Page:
Quote of the Day:
Remember that you should be able to identify each character by what he or she says. Each one must sound different from the others. And they should not all sound like you.
I had a little laugh when I read this quote, because this is something that has been on my mind a lot lately. Mostly because I am now in the edit stage of my YA book and a few of the comments I've gotten from my critters have been things like "teenagers don't act like this" or "why is she doing this?"
Almost across the board, my answer has been "well, I acted like that as a teenager" or "because that is what I would do."
I've started to realize that there may be just a little too much of me in my characters. Now, I'm not saying it's bad to have pieces of yourself in your characters. No matter what I do, I'll never be able to stop doing that entirely. But, I need to be more true to the actual CHARACTER and let them feel and act and speak as they, as individuals, would do. (Because our characters are "real" people right?) ;-D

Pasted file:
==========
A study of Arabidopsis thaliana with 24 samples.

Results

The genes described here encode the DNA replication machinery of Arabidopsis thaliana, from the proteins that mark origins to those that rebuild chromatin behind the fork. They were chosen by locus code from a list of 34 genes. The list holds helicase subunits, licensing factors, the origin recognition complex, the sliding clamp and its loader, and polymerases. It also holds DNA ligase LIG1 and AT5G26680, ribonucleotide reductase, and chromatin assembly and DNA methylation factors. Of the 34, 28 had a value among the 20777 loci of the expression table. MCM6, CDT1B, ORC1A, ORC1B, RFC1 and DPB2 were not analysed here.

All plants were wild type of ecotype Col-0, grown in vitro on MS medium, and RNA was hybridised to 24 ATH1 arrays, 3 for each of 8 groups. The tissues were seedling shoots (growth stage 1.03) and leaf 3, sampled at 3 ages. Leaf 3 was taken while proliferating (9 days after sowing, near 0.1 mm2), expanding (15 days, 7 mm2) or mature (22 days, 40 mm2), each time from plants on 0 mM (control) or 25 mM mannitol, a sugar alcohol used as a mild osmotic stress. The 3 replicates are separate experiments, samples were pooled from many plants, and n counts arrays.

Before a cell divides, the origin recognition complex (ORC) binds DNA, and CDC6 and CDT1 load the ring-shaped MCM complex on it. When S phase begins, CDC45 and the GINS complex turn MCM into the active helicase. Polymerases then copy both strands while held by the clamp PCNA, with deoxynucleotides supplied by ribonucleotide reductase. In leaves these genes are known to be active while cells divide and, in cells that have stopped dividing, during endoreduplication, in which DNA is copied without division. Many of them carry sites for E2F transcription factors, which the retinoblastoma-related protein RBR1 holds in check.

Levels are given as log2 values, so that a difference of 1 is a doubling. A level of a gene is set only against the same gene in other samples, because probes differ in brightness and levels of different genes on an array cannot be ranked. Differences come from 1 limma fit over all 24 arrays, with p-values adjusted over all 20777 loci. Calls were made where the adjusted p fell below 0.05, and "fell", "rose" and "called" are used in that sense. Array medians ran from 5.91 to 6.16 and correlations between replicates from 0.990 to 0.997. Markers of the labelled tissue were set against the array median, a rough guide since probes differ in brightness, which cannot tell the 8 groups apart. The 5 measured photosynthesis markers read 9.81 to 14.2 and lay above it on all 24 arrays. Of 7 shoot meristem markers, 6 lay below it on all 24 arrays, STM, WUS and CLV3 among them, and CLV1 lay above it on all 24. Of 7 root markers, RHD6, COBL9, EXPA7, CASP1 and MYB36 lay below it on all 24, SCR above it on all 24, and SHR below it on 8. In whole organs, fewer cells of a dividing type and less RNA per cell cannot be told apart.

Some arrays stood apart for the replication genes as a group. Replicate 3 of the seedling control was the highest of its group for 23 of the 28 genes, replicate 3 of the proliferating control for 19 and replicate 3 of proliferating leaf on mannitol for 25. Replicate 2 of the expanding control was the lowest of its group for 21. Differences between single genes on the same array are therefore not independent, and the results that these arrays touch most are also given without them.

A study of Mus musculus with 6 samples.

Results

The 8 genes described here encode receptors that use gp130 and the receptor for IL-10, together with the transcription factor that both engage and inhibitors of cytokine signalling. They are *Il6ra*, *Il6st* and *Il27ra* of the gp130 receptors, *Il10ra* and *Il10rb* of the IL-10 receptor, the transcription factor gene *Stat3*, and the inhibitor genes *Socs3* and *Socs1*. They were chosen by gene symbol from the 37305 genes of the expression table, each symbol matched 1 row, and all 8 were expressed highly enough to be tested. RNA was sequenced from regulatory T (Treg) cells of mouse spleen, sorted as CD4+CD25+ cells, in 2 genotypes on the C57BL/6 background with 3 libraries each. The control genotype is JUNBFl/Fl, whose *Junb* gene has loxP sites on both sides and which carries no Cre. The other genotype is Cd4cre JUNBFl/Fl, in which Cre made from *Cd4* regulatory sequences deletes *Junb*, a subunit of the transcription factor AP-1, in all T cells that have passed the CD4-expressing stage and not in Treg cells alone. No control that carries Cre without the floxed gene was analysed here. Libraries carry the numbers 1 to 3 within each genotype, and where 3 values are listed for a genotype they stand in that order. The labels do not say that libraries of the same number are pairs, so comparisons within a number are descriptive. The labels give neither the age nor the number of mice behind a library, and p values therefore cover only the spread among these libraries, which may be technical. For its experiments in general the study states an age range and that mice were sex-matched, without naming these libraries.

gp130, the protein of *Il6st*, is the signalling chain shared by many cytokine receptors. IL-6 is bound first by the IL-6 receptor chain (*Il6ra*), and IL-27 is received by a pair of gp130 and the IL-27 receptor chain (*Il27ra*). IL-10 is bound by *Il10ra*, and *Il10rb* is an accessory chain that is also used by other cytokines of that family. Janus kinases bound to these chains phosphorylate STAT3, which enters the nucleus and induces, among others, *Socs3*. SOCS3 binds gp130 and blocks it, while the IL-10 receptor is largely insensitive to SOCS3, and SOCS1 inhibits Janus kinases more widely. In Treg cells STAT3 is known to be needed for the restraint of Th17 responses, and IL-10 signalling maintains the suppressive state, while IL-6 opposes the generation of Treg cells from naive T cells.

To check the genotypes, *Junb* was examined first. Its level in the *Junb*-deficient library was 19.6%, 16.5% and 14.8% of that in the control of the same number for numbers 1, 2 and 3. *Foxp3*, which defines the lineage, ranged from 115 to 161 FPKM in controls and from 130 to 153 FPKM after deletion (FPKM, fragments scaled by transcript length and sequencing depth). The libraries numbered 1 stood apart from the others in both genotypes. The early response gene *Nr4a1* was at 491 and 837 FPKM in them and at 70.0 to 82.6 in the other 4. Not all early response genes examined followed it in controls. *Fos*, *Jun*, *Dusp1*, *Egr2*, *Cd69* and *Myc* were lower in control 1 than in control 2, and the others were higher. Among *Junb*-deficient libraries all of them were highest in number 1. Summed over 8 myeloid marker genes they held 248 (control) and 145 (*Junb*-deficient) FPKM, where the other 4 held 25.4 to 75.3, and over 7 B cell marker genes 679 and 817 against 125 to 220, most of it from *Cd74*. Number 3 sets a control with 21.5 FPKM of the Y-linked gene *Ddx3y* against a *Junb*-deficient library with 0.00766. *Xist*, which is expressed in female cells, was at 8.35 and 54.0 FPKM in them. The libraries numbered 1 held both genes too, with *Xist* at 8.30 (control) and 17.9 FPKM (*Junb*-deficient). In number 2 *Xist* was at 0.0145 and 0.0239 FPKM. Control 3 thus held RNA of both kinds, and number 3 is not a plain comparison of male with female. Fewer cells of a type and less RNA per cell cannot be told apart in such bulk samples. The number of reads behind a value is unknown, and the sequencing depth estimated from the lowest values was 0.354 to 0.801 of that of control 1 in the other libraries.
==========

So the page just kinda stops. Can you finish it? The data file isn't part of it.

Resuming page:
I need to start asking, "what would my character do in this situation" and stop asking "how would I react to this situation." And it's been really hard for me to do. In my non-fiction, speeches, and just every day interactions with friends, family, and complete strangers, equating situations to myself and my personal experiences is sort of how I connect with people.
But in my writing, having every character react the way I would doesn't leave room for a lot of diversity. Now, I'm not saying I do this with every single character or every single situation. It's mostly when I get a little stuck, when I'm not sure how I want my character to respond to something, that my personal preferences start creeping in there.
How about everyone else? Do you ever find too much of yourself in your characters?